How to remove shoulder pads From Vintage Pieces in 6 steps!

Don’t let big bulky shoulder pads keep you from getting that great vintage piece! Check out this simple tutorial on how to easily remove shoulder pads from a jacket or any kind of top that has a lining and sew it back up by hand!  

**One thing to keep in mind when deciding to remove shoulder pads is the cut and fit of the garment, the shoulder pads were a part of the original design so the cut of the fabric is made to fit the shoulder pad. So, if you remove the shoulder pad the cut of the fabric may slouch or be a bit larger.   

What you’ll need:

  • Seam ripper, xacto knife, or scissors
  • Needle
  • Thread


First, you want to feel your garment around the shoulder pads. Try to determine how they are connected to the lining of the jacket. Usually the shoulder pads will be sewn on at two or three points. Most shoulder pads are lightly attached to the lining by a few tack stitches. Sometimes shoulder pads are fully sewn into the jacket lining, if this is the case it might be a little bit more difficult to remove.


Now examine the inside of your garment and see where the lining is attached to the jacket. You want to identify an area of the garment where you can open up a seam and slip your hand in to cut and remove the shoulder pads. You don’t want to choose a spot that is sewn closed, you want to be able to reach the shoulder pad. You also want to choose an opening that has only one line of stitching, this will make it easier to sew close when you are done.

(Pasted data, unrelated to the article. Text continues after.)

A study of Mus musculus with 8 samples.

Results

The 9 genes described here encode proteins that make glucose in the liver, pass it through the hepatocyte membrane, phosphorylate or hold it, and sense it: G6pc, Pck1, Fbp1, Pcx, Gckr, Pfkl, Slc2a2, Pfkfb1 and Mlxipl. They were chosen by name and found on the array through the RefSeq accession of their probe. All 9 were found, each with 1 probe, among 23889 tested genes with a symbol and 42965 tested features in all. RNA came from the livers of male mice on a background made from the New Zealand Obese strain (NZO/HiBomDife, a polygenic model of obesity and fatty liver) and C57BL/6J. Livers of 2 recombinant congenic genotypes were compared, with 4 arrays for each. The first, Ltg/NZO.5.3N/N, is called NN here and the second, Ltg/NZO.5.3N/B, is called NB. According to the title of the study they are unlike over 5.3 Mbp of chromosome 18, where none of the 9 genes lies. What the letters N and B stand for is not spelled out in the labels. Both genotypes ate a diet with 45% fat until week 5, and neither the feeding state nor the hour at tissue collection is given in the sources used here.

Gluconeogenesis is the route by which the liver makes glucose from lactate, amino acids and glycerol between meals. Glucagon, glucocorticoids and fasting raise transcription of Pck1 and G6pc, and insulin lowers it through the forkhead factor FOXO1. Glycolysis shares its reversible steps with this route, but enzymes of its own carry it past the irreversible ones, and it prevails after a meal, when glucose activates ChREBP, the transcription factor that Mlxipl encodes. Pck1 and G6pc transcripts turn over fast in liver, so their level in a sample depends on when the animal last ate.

Now, carefully, take an xacto, seam cutter, or scissors and cut from the center of the area. You’ll want to stay away from edges because those stitches have probably been reinforced and you don’t want to undo that. Try not to make a huge opening, because you are going to have to sew it closed when you are done.  


Slide your hand through the hole and find the shoulder pads.
These shoulder pads were held on with a tag of fabric and that was easy to cut without cutting any of the lining or the interior stitching.
If your shoulder pad is sewn into the lining, make sure you are cutting away only the stitching that is holding the shoulder pad in place and not the stitching of the jacket. Remove the shoulder pads and do what you wish with them.


Now that the shoulder pads have been removed, you’ll need to sew up the hole. Try to find a thread that is a similar color to that of the lining.
There are many kinds of stitches you can do to close the hole. It all depends on how clean you want the closure to look. A blind or hidden stitch is a great one to learn and use because like the name says you won’t see the stitch when you are done.


A blind stitch is done like this:

  • Double up your thread and tie the end in a knot.
  • Start on the inside of the hem. Make sure your knot is remains on the inside of the hem when you start stitching.
  • Right next to where you threaded the needle through the hem, run the needle through the other side of the fabric.
  • Then go down into the fold of the hem, the needle will run underneath the fold of the hem and bring it up through the hem, keep your stitches close to the last one to keep a tight closure.  
  • Right next to where your needle has come through, run your needle through the other side of the hem.
  • Then go back to and do it again, keeping your stitches close so that no puckering or openings will be left.
  • When finishing, run the needle through a few times and knot it off and tuck the ends of the thread into the stitch.
There are many youtube videos and pictures on google, just search blind stitch, slip stitch or ladder stitch.